Women of Wonder
A new collection of the finest minds currently working in fantasy and sci-fi art – irrespective of gender
Tthat such a thing should need to be pointed out at all in 2015 is unfortunate, but purely for any kneejerk genderphobes out there, there’s no need to fear. Cathy Fenner has not put together this collection of work from women artists as some kind of unlikely attempt to finally overthrow the patriarchy and end the clueless domination of men after millennia of civilisation mismanagement.
Fenner states in her introduction that this is a celebration of contemporary women artists in the fantasy field, people who have triumphed in a competitive industry irrespective of gender. And what a quality celebration it is, as we have come to expect from Underwood, the publishers that launched the trailblazing Spectrum art collections.
Coming from those famous supporters of fantastic sketchers, it’s fundamentally a showcase for 60 or so notable names. Many ImagineFX regulars are included, such as Terryl Whitlatch, Cynthia Sheppard and Mélanie Delon – in fact there’s even an ImagineFX cover in there!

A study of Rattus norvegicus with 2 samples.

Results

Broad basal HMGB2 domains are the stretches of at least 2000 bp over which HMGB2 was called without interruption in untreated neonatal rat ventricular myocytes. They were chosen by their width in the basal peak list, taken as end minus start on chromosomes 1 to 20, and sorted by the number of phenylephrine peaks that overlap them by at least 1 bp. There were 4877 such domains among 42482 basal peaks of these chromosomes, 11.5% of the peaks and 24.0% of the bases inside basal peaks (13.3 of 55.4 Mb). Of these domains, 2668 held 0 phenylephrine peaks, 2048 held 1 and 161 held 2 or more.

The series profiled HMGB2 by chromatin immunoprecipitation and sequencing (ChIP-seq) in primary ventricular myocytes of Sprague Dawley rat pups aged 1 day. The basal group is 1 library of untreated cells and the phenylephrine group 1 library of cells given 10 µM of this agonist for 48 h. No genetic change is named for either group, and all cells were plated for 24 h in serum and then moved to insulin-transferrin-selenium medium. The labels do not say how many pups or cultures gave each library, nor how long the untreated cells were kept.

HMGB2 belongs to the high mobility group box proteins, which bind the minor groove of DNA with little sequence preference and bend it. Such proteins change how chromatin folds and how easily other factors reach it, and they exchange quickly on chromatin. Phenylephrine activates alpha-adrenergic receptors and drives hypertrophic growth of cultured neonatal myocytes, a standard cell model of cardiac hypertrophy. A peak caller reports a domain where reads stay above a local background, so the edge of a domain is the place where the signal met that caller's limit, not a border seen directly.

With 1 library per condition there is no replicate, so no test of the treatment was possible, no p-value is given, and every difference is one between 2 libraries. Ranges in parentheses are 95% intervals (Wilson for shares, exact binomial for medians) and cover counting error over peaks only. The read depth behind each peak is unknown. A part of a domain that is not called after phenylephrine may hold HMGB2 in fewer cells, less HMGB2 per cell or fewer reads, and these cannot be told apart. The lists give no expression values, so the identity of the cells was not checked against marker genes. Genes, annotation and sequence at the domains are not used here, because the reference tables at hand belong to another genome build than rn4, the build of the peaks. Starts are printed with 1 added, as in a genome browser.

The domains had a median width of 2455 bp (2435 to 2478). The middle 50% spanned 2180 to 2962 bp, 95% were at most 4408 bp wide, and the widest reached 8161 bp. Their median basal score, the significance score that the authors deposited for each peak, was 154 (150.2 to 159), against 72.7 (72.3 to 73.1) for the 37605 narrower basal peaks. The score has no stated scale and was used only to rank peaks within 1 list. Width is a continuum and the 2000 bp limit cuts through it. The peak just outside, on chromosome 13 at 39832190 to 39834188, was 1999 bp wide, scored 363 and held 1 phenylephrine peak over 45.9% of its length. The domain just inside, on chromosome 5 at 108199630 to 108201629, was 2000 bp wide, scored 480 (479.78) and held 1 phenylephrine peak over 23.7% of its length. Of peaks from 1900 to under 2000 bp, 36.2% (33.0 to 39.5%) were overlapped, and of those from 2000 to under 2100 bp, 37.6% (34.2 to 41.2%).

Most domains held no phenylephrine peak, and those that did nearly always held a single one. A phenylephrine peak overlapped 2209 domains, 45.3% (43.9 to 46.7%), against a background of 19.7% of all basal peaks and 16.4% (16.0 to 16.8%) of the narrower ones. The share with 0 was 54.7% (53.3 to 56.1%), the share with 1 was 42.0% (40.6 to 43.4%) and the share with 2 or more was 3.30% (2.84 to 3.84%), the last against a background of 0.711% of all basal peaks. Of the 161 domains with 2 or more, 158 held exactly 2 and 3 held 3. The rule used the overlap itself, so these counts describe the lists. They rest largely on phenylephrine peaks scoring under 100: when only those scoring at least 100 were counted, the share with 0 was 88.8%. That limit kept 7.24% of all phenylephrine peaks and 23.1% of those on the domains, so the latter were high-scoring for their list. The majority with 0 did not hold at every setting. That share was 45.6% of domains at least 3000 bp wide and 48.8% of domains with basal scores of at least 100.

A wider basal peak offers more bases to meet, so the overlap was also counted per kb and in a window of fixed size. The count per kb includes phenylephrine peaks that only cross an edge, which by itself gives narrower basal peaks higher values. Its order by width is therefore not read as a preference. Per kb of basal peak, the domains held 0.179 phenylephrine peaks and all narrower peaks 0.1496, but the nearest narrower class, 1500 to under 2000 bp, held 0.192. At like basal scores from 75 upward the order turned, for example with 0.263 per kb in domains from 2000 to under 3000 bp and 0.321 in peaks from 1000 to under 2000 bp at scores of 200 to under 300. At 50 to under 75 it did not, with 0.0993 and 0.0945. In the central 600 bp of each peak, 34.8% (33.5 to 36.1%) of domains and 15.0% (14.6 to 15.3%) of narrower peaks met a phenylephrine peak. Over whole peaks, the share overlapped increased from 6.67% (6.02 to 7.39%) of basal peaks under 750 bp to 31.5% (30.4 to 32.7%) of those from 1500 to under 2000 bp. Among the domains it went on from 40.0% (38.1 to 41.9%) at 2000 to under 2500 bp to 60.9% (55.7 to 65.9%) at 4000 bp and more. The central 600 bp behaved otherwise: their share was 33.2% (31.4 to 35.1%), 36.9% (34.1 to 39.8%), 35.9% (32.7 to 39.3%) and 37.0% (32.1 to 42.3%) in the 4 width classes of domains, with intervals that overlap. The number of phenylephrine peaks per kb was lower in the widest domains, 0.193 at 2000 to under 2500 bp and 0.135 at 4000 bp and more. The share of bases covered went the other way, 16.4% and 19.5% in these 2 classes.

Every name (or partnership) is given a spread, so we don’t get a wide array of work from each, rather a single image they feel best represents their work and a quote – varying from a sentence to a manifesto – on how they feel about their place in the art world. Long-gone female pioneers such as Margaret Brundage, ‘Queen of Pulp Pin-up Art’ are also represented, with carefully chosen quotes to show what made them great.
There’s a wide array of practitioners included, and many have hugely opposing attitudes to their work, and even to this book. Like most areas of our culture, the male skew on fantasy, folklore and sci-fi has barely been questioned before, so it’s good to see ‘visual storytellers’ with different tales to tell, telling them so expressively – be it Kei Acedera’s charming sea monster, LD Austin’s steel-plated Warrior Queen (left), or Lisa Falkenstern’s comical pig rider. Each spread leaves you wanting more.
As a snapshot of women on the visual fantasy scene in 2015, Women of Wonder is the first such book to focus on this one artistic group and a collection many will cherish.
Fantasy paintings by Laurie Lee Brom (left) and LD Austin are included in the book.
American artist Rebecca Léveillé-Guay’s tender painting has clear Renaissance influences.